3.08.2005

Fine whine at its sourest

Boy, it didn't take long for ex-Giants to play the violins, extra sour. In accounts in the Chron and the Merc, A.J. Pierzynski and, surprisingly, Dustin Hermanson, complained openly over their treatment and experience with the Giants.

I'll start with Hermanson because that was the biggest surprise. He complained about not getting the extra $200K in bonuses he might have earned starting if he wasn't converted into the closer. First off, he wouldn't have gotten a $5.5M contract this off-season if it wasn't for the Giants; as Sabean retorted, they picked him up off the scrap heap. Without the opportunity the Giants gave him, he probably would still be struggling somewhere, semi-starting, semi-relieving, doing neither very well. Second, as reported in the article, he probably wouldn't even have earned as much of a bonus as he did if the Giants didn't award him three points per start when the industry norm is to award two points per start. So already, he was getting a bigger bonus than a regular contract would have given him. Third, if he didn't notice, he was the worst starter for most of the season and Lowry most probably would have pushed him out of the rotation at some point or another, so he would have not made his incentives in any case, getting released possibly.

The Giants, if anything, gave him the opportunity to make the money he did this off-season by giving him the chance to close rather than just being released like Hammonds earlier in the season or pushing Franklin out of the bullpen and taking the long relief role. Not bad for a pitcher who less than two seasons ago was released by the Cardinal's, who was DYING to find semi-useful pitchers, with consecutive seasons of less than 30 IP, low K/9, ERA of 7.77 and 5.46, for the Cardinals before he was released by them.

A.J. is understandably upset, going from an All-Star catcher to in-house cancer in the space of a month or so, to "only" getting $2.25M when few teams would touch him. Then again, if the Giants braintrust in charge of salary negotiations (*cough* Ned Colleti) was more market savvy about A.J.'s expected salary - all the articles noted he should get around $2.5-$3.0M and he low balls arbitration at $2.25M; no wonder they don't like to go into arbitration - A.J. probably would have "only" gotten $2.75M, say. And he did not play at an All-Star level last year, he only really had one good month, so $2.25M is about what he should have gotten. But it wasn't like he was unprovokingly kneed in the 'nads undeservedly either, he made a lot of money playing for the Giants, up to a $1M more than he really deserved, and was given wider exposure playing in one of the larger population centers of the U.S., a plus for his obvious ambitions to move into broadcasting after his career is over.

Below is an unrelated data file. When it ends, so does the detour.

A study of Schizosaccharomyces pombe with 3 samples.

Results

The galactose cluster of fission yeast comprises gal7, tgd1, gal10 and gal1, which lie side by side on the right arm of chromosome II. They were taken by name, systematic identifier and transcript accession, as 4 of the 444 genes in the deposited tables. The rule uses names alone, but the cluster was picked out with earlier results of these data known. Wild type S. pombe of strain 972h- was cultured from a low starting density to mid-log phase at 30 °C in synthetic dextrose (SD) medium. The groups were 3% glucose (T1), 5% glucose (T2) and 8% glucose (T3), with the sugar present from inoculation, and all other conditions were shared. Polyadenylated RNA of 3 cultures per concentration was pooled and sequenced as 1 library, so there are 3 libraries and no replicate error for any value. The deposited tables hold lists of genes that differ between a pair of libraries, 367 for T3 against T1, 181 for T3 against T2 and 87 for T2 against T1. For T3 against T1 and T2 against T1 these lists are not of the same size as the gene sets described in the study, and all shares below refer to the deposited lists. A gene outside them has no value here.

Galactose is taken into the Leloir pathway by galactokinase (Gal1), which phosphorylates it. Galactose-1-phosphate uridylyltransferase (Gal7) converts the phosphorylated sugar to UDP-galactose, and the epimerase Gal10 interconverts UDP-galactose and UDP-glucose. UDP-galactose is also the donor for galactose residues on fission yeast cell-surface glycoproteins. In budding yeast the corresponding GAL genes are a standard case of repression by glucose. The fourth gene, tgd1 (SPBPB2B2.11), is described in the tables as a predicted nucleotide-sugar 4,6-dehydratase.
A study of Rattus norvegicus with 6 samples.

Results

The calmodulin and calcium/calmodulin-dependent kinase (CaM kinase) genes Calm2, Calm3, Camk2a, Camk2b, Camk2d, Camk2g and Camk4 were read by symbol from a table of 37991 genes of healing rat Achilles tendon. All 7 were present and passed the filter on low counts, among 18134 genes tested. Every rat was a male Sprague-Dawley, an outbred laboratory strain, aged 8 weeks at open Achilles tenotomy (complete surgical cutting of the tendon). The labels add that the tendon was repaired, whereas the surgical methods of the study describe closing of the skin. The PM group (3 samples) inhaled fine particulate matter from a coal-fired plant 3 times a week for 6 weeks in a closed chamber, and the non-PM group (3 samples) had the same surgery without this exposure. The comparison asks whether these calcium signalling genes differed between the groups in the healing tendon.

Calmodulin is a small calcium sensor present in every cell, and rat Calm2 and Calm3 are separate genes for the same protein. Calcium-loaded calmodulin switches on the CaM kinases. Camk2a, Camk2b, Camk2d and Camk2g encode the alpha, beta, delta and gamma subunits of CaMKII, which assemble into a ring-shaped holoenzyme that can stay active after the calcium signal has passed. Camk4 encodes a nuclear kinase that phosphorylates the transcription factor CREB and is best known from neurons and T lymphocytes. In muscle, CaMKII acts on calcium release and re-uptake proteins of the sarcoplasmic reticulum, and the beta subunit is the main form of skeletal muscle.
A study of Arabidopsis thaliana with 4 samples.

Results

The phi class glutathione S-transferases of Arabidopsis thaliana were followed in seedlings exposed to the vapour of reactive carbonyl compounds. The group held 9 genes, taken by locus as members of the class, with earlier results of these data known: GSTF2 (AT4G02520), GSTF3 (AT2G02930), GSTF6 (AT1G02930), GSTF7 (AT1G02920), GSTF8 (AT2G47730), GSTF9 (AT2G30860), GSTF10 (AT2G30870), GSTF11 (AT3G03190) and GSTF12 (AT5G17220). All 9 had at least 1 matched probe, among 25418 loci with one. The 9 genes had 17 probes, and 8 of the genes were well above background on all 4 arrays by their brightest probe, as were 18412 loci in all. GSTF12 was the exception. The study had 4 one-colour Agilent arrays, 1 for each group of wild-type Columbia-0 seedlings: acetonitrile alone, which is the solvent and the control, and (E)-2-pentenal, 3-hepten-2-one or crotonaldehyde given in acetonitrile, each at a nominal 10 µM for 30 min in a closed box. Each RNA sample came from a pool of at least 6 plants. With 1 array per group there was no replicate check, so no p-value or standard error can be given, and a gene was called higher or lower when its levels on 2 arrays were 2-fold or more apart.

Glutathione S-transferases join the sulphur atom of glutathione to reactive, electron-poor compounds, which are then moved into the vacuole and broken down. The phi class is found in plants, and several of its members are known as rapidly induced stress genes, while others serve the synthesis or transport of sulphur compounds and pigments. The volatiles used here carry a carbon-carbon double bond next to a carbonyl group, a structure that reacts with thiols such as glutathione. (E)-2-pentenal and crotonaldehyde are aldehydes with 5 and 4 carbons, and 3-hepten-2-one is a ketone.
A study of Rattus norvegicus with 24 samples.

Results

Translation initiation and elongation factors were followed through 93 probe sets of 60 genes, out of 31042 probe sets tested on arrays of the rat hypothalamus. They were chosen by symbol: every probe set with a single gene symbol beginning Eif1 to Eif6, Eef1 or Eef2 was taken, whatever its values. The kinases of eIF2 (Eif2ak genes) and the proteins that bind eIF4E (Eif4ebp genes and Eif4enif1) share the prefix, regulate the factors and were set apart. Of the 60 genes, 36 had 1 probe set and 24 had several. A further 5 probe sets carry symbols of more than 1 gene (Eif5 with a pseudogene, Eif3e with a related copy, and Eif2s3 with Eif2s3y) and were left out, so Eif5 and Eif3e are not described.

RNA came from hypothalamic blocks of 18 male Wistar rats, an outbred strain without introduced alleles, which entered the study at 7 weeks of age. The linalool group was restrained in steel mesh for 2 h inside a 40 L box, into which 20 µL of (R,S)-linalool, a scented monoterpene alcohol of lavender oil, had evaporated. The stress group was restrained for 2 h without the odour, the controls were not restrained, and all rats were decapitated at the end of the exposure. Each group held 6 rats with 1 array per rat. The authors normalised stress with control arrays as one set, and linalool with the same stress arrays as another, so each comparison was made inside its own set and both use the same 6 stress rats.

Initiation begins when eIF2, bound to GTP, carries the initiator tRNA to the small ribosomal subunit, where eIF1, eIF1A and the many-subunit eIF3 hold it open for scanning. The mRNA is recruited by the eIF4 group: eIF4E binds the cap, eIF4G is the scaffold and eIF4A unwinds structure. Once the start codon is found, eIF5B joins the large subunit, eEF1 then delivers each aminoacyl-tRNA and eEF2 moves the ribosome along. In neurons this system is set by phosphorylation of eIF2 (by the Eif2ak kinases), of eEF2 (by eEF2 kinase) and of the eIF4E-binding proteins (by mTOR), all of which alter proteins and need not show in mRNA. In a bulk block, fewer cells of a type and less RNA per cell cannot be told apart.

Based on the news that has come out from the media - including Ralph Barbieri today, talking about how A.J. was complaining all the time off the mike, acting very immature - the Giants obviously did not do enough due diligence in investigating A.J. Pierzynski temperment and maturity level. This is an odd lapse given that they promote the image that they seek out mature thinking players - given how they describe a lot of their top prospects as mature for their years. Whoever fell down in this area should be severely reprimanded.

This trade now has to go down as the worse trade in Sabean's career - odd given how good it looked initially for the orange and black - and will only get worse as Nathan and Pierzynski play out their careers. I supported the trade when it was made but given all this background stuff, it only goes to show how important it is to know the inside stuff as well, something I should have learned when it turned out that Sudden Sam McDowell was a total drunk and we traded away Gaylord Perry's HOF career for that. The Twins totally snookered Sabean, not only getting Nathan but also a couple of good prospects as well.

But that makes it, what, 11 gazillion for Sabean now vs. the odd handful of trades that didn't work out really well. Most Sabean-haters like to mention a common set of players that shows how bad Sabean is - Dunston, Tucker, Ponson, Alfonzo, etc. - but really, what's the goal? To win and to make the playoffs and to hopefully win the World Series. He has the third best record in baseball since he took over, we regularly make the playoffs and came close to winning it all in 2002.

Most naysayers point at Bonds and say how easy he makes it for Sabean. No, it isn't, that's a fallacy, the Giants were a below .500 for the three seasons prior to Sabean taking over. In fact, the team he inherited lost 94 games, more games lost than only 3 other teams in the 46 year history of the SF Giants, 4 other teams in the 123 year history of the Giants franchise. Teams with a great player like him don't automatically win, history is filled with great players who nonetheless were playing on losers for a number of years, from Walter "Big Train" Johnson to Ernie Banks to Steve Carlton to Nolan Ryan to Tony Gwynn. Plus A-Rod didn't do anything for Texas either.

And he has made a number of great finds that worked out great for the Giants, from Rueter, Kent, J.T. Snow, Nen, Felix Rodriguez, Burks, Worrell, Schmidt, to Bell. You don't just tick these off as one good, one bad, some of these were really great trades that he made, that would make up for a multitude of bad trades, it would be like treating a homerun as just a hit when comparing it to a strikeout. And he had two grandslams in Kent and Schmidt. To me, to denigrate Sabean overall is to complain about having the third best record in baseball since 1997.